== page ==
I walked north and then east from the hotel (Ilmarine Residence) as if bound for the harbour used by the cruise ships and the ferries from Stockholm and Helsinki. Access to the area is easiest by following a street called Kalasadama. I passed two restaurants; a few businesses associated with the sea; some old brick buildings, two of which have octagonal ground plans; a tall chimney; and, to my left, a small, partly frozen harbour with swans, ducks and two fishing boats. It was about 7.30am and only a dull, grey light pierced the overcast sky. But ahead lay my true destination, Linnahall, a vast concrete, stone and brick slab which initially looked ugly, derelict and deserted.
When I undertook my first look around Linnahall, a rotting and graffiti-smeared monster that would have thrilled Jonathan Meades had he seen it before recording his excellent two-part BBC4 series entitled “Bunkers, Brutalism and Bloodymindedness”, I felt confronted with a place of utter urban desolation, which, if it appealed to anyone, it had to be the most marginalized, troubled and criminally-inclined of Tallinn’s citizens. That morning I thought I had been correct about its appeal to such people because my only “companions” were a few hooded young males who walked around on their own or in pairs. At least two of the males were under the influence of drugs or alcohol. But, on a return visit early one evening, many people, family groups included, strolled around the ruin and enjoyed the views from its different, easily accessible levels. In fact, for people in the know with an affection for wildly eccentric architecture, Linnahall is an absolute must.
Linnahall was built, far too quickly by all accounts, for the 1980 Summer Olympics as a multi-purpose cultural and recreational centre. In its time it has had a concert hall with 4,200 seats, an ice rink and cafes. Parts of it were converted into a small ferry terminal and heliport. It has a sort of ziggurat ground plan and a number of different levels, all the latter accessible by flights of crumbling stone or concrete stairs, but the visitor is left with an impression of a vast, nearly flat structure hugging the ground as if worried it might be blown away by the winds which blow so frequently from Russia or the Baltic Sea. Oriented almost exactly north to south, the elongated north arm of the ziggurat extends into the sea. The south arm points toward the Old Town and has a wide flight of stone stairs which leads to what was obviously intended as an elevated space on which to promenade. But, once the 1980 Summer Olympics had concluded and initial curiosity with the structure began to wane, perhaps because it had been built to order by Estonia’s Russian colonial masters in Moscow, it proved difficult to utilize the facilities in the way originally intended. Moreover, shoddy construction work had a detrimental effect on Linnahall less than a decade after its completion.
On the internet I found the following information about Linnahall in more recent times:
“A few years ago Linnahall was given to American investors who formed a company called Tallinn Entertainment LLC. In return, Tallinn Entertainment LLC was expected to invest money in Linnahall to reconstruct it as a modern venue centre.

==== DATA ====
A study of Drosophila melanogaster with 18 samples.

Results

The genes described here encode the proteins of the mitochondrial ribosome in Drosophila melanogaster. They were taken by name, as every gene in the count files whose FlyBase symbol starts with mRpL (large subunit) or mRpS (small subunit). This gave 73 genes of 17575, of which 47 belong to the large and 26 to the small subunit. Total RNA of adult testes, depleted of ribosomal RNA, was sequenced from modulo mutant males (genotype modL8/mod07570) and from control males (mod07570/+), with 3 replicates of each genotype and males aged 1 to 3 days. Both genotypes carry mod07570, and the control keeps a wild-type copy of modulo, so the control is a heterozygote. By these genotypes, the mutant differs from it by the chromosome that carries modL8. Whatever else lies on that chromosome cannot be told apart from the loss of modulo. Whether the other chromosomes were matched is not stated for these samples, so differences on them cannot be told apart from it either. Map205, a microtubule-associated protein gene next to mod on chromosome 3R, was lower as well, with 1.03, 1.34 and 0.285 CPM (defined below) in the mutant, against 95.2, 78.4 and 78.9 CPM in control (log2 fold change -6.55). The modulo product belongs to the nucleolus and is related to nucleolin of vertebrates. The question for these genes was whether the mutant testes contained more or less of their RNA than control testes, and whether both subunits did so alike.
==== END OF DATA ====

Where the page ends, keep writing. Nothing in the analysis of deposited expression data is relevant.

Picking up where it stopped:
“In April 2009 Linnahall had its last public events and, since then, it has been closed to the public.
“Tallinn Entertainment LLC promised that Linnahall would be restored by 2011. So far nothing has happened. Investors have not even produced development plans and for a long time they have refused to meet with city officials. In Hungary and the United States, several people involved in the project have been arrested and accused of corruption, bribery and tax evasion.”
Although all internal spaces at Linnahall are currently closed to the public, people can walk wherever the flights of stairs provide access. The complex is fascinating to explore, so much so that many people, old and young, take photos of it and the views it provides (inevitably, some of the best views are toward the Old Town). Arches, fenced-off tunnels, walls reminiscent of naval fortifications, sunken spaces enclosed by moss-covered stone walls and rusty metal panels splattered with brightly painted graffiti, and a raised promenade with large slabs of concrete arranged with geometric precision down the centre, ensure there is always something bleak, brutal or compelling to examine. Of course, Linnahall is not pretty; such structures rarely are. But, given that so few similar structures have survived in the UK (some for good reason, I concede), I am pleased to report that this monster has been listed by Muinsuskaitseamet, Estonia’s national heritage board, as an important example of 1980s’ architecture. However, almost since its completion there have been legitimate concerns about its condition. I hope its listing as an important example of architecture will ensure that it is retained and not demolished. But should it be restored? I am not convinced that restoration should be undertaken because in many respects Linnahall looks superb as it is. A pristine Linnahall is unlikely to compel attention in the way it currently does. Why not just let it rot away with the passage of time?